The mouldy Penny

He and his wife, with little to eat, had to wear ragged clothes, and the baby had not one toy to play with. When his wife gently chided him, he ran out of the house in bad humor. Going to the tap room, he ordered a drink of what we call 'Dutch courage,' that is, a glass of gin, and drank it down. Then what do you think he did?"

"Tell us," cried the imps uproariously.

"He went into a clothing house, bought a suit of clothes, and had it 'charged.'"

"That's it. I've known others like him," said an old imp.

"Now it was kermiss day in the village, and all that afternoon and evening this spendthrift was roystering with his fellow 'zuip zaks' (boon companions). With them, it was 'always drunk, always dry.' Near midnight, being too full of gin, he stumbled in the gutter, struck his head on the curb, and fell down senseless.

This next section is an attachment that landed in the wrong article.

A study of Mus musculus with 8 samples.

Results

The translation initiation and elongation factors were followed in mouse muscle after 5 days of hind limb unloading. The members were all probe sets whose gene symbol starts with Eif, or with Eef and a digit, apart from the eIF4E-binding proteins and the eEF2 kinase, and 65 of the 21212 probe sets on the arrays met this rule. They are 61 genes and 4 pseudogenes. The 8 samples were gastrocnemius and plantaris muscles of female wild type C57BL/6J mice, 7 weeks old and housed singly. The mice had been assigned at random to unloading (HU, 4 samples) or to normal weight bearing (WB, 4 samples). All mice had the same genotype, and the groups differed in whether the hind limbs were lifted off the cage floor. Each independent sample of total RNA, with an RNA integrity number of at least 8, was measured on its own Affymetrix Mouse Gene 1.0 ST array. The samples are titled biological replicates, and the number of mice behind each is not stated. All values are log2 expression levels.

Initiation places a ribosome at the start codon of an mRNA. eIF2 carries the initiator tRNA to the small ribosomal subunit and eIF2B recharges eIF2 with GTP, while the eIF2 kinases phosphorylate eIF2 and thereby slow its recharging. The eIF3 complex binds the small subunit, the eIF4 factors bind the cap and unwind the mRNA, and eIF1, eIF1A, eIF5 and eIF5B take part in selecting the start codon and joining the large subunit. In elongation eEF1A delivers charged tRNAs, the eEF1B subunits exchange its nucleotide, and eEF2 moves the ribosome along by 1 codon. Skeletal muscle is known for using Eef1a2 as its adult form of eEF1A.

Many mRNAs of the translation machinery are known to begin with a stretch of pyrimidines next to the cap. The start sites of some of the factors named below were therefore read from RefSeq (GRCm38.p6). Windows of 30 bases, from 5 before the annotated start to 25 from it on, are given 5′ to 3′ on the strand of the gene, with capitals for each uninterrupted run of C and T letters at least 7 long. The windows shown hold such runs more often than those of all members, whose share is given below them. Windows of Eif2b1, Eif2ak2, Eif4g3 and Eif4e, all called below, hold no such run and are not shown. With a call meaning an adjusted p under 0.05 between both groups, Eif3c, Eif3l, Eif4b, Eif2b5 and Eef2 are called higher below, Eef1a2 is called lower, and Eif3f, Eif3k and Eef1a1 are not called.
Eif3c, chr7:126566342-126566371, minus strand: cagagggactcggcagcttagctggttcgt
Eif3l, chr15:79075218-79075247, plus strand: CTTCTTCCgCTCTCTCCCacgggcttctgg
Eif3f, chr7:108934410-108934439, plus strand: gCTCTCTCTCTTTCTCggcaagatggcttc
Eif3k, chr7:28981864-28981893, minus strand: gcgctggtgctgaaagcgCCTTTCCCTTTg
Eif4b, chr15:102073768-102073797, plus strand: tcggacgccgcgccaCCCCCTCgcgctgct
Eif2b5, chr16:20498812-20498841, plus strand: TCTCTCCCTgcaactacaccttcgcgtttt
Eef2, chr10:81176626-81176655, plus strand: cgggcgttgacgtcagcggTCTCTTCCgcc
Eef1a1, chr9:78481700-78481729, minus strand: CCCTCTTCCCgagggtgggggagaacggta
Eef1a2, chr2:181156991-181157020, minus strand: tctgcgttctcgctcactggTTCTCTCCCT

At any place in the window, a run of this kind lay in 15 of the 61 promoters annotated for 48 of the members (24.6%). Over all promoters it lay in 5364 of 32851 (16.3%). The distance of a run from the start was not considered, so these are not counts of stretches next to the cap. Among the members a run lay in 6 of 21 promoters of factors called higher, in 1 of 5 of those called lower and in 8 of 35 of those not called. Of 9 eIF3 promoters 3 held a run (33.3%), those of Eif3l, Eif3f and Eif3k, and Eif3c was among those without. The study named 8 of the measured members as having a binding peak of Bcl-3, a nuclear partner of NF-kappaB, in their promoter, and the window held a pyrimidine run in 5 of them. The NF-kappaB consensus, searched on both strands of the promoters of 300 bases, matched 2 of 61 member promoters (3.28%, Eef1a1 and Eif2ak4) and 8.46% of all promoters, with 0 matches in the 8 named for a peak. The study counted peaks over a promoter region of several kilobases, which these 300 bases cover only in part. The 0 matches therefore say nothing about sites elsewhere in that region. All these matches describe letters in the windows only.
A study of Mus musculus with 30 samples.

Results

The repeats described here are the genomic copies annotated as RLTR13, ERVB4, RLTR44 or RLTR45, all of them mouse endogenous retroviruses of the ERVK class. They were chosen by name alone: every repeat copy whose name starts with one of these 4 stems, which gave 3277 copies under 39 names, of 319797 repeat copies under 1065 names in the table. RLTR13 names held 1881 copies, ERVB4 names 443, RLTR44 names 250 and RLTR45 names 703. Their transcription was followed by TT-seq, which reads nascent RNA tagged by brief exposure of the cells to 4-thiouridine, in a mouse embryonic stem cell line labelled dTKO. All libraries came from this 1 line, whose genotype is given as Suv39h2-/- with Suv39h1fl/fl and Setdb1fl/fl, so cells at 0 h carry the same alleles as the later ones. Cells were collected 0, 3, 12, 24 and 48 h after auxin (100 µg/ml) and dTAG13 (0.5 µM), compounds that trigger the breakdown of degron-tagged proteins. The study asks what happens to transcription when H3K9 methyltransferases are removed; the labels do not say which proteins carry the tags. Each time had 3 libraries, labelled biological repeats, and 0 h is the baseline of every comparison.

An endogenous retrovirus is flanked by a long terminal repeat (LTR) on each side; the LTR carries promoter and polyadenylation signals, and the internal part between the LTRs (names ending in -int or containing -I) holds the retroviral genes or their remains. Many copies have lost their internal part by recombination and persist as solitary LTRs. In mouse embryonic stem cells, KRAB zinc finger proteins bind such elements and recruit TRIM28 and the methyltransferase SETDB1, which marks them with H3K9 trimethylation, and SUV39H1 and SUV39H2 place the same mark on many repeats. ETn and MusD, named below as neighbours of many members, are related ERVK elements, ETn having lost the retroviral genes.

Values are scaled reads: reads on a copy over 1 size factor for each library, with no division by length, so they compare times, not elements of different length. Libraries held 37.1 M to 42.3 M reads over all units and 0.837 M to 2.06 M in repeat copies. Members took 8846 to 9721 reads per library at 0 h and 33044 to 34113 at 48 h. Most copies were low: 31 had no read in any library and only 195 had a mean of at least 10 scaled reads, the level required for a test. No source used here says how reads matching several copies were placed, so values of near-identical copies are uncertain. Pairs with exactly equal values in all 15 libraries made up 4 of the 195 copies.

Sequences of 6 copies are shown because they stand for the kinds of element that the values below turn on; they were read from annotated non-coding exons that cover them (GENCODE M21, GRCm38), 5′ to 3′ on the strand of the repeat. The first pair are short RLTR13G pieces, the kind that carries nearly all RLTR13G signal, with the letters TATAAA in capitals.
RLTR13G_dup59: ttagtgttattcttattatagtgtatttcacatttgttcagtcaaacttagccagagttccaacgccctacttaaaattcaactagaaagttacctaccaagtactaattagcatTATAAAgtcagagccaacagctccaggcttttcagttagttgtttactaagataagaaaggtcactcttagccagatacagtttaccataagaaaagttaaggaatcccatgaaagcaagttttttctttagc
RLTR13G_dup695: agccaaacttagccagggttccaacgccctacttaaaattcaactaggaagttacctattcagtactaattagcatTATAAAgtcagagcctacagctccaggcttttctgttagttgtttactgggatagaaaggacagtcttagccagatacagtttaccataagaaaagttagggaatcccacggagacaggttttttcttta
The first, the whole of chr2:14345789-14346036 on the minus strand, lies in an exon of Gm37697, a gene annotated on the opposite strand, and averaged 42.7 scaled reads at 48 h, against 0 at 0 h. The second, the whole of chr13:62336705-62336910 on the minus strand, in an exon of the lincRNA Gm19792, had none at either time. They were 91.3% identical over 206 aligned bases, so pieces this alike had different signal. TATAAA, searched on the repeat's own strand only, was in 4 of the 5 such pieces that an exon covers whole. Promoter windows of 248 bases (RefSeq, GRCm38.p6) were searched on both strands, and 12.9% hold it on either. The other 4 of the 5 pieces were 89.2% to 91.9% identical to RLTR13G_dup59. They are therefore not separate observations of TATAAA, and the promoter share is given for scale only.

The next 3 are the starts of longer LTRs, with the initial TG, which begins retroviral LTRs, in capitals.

"Her husband not coming home that night, the distracted wife went out early in the morning. She found several men lying asleep on the sidewalks or in the gutters. She turned each one over, just as she did buckwheat cakes on the griddle, to see if this man or that was hers. At last she discovered her worthless husband, but no shaking or pulling could awake him. He was dead.

"Now there was a covetous undertaker in town, who carted away the corpse, and then told the widow that she must spend much money on the funeral, in order to have her husband buried properly; or else, the tongues of the neighbors would wag. So the poor woman had to sell her cow, the only thing she had, and was left poorer than ever. That was the end of Spill-penny."

"A jolly story," cried the kabouters in chorus. "Served him right. Now tell us about Vrek the miser. Go on."

"Well, the saying 'Much coin, much care,' is hardly true of him, for I and my trusty helpers ran away with all he had. With his first silver penny he began to hoard his money. He has been hunting for years for that penny, but has not found it. It will be rather mouldy, should he find it, but that he never will.